In each of our venues you'll find an individual shop with it's own character, full of unique gifts and exclusive products to take away with you.
Any purchases you make here help secure the future of the Auckland Project and our vision to use art, faith and heritage to fuel long-term change and regeneration.
Auckland Castle shop
The Castle's gift shop can be found in the Stone Hall. It is full of unique, locally sourced items to help you remember your visit or find the perfect gift for a loved one.
Mining Art Gallery shop
Choose from a carefully curated selection of items inspired by the works in the Gemini Collection, including prints, postcards, books and gifts.
Spanish Gallery shop
Found on the ground floor, the Spanish Gallery Shop and ranges are just as theatrical as the gallery itself. Pick out the perfect memento to remind you of your visit.
Auckland Tower shop
You can now find unique gifts and souvenirs in our shop in the ground floor of Auckland Tower.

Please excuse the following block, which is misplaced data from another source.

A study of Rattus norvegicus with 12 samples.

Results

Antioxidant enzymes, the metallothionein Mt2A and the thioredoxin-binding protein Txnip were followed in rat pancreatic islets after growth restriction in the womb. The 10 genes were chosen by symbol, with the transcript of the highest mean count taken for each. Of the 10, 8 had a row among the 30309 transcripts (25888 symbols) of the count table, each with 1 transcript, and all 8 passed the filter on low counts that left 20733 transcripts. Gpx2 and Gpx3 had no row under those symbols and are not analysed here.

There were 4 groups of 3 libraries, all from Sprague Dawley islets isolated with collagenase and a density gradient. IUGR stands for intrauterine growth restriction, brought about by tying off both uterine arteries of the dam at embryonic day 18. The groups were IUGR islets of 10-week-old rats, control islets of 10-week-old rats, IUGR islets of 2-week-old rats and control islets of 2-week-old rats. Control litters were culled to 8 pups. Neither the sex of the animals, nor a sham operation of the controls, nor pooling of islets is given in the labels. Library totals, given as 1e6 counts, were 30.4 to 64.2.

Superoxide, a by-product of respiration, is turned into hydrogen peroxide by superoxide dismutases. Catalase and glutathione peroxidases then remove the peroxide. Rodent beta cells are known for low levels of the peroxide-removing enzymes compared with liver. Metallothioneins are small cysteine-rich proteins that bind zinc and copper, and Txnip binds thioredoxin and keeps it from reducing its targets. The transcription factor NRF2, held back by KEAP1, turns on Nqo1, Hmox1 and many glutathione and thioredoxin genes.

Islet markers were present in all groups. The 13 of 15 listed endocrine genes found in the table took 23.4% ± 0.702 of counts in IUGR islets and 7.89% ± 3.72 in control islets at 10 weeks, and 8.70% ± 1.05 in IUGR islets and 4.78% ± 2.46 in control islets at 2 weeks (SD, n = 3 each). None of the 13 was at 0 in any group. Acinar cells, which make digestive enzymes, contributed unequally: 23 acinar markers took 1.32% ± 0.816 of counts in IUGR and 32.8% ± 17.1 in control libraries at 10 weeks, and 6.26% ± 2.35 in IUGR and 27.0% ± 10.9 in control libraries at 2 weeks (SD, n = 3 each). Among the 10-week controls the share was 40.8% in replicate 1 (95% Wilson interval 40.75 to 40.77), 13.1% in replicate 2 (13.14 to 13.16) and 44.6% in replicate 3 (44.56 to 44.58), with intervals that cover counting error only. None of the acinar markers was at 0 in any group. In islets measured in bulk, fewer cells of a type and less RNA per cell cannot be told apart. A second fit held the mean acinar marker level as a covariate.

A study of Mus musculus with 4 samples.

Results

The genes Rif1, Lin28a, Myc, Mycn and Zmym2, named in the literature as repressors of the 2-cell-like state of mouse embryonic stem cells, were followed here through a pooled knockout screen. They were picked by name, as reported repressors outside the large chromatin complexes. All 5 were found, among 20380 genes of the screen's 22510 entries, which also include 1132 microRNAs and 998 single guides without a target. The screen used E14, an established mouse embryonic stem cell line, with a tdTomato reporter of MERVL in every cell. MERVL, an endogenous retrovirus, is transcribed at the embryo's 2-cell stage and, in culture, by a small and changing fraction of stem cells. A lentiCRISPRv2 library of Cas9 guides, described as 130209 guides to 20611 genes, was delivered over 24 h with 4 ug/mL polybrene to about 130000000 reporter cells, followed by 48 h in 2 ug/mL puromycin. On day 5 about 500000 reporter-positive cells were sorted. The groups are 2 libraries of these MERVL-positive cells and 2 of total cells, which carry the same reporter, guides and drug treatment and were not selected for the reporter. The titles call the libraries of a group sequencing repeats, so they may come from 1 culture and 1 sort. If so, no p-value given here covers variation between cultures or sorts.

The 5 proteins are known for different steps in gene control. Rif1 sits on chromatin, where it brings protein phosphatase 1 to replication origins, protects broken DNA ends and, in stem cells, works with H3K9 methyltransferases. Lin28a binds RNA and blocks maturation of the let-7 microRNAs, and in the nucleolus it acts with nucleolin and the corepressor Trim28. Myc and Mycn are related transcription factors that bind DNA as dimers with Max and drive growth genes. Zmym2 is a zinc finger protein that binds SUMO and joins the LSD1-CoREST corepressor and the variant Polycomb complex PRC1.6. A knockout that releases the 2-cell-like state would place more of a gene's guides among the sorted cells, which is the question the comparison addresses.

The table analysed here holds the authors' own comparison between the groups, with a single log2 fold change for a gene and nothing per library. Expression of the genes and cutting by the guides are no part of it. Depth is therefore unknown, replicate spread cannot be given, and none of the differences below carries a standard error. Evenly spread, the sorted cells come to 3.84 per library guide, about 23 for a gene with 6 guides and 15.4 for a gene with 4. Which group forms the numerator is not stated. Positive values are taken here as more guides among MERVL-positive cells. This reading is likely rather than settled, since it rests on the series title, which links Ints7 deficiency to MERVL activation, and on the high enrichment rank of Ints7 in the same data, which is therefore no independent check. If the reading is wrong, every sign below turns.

Bishop Auckland tweed and toile project
Gillian Arnold and Northern Heartlands worked together with people from communities across the region, to create tweed and repeat pattern fabrics that are unique to the Bishop Auckland area and its heritage.
The black lines in the pattern reveal the railway and mining industry, along with the coal found in this fuel rich land. The two blues in the check symbolise the Bishop Auckland football team. Blue and yellow represents the Bishop of Durham Crest.
Our shops stock products made from this unique, local tweed so that you can take a piece of Bishop Auckland's story home to treasure forever.
Continue inspiring your mind at home, with our new collection of Guidebooks.
The first title in the portfolio is ‘Spanish Gallery: A guide to the works of art.' A definitive guide to the paintings in the permanent collection at the Spanish Gallery, by Jonathan Ruffer, founder of The Auckland Project.
Available in store, and online soon, the book features highlights of the exhibition, including El Greco’s Christ on the Cross. Purchased with support from the Art Fund, this painting had been in a private Spanish collection since 1772. Following recent conservation, it has revealed itself to be a masterful example of El Greco’s late work, showcasing his spiritual expressiveness. And an exquisite wooden Corpus dating to the 12th century. The earliest artefact in the exhibition, this deeply moving life-size sculpture is believed to originate from Northern Spain. Traces of some of the original paint can still be seen.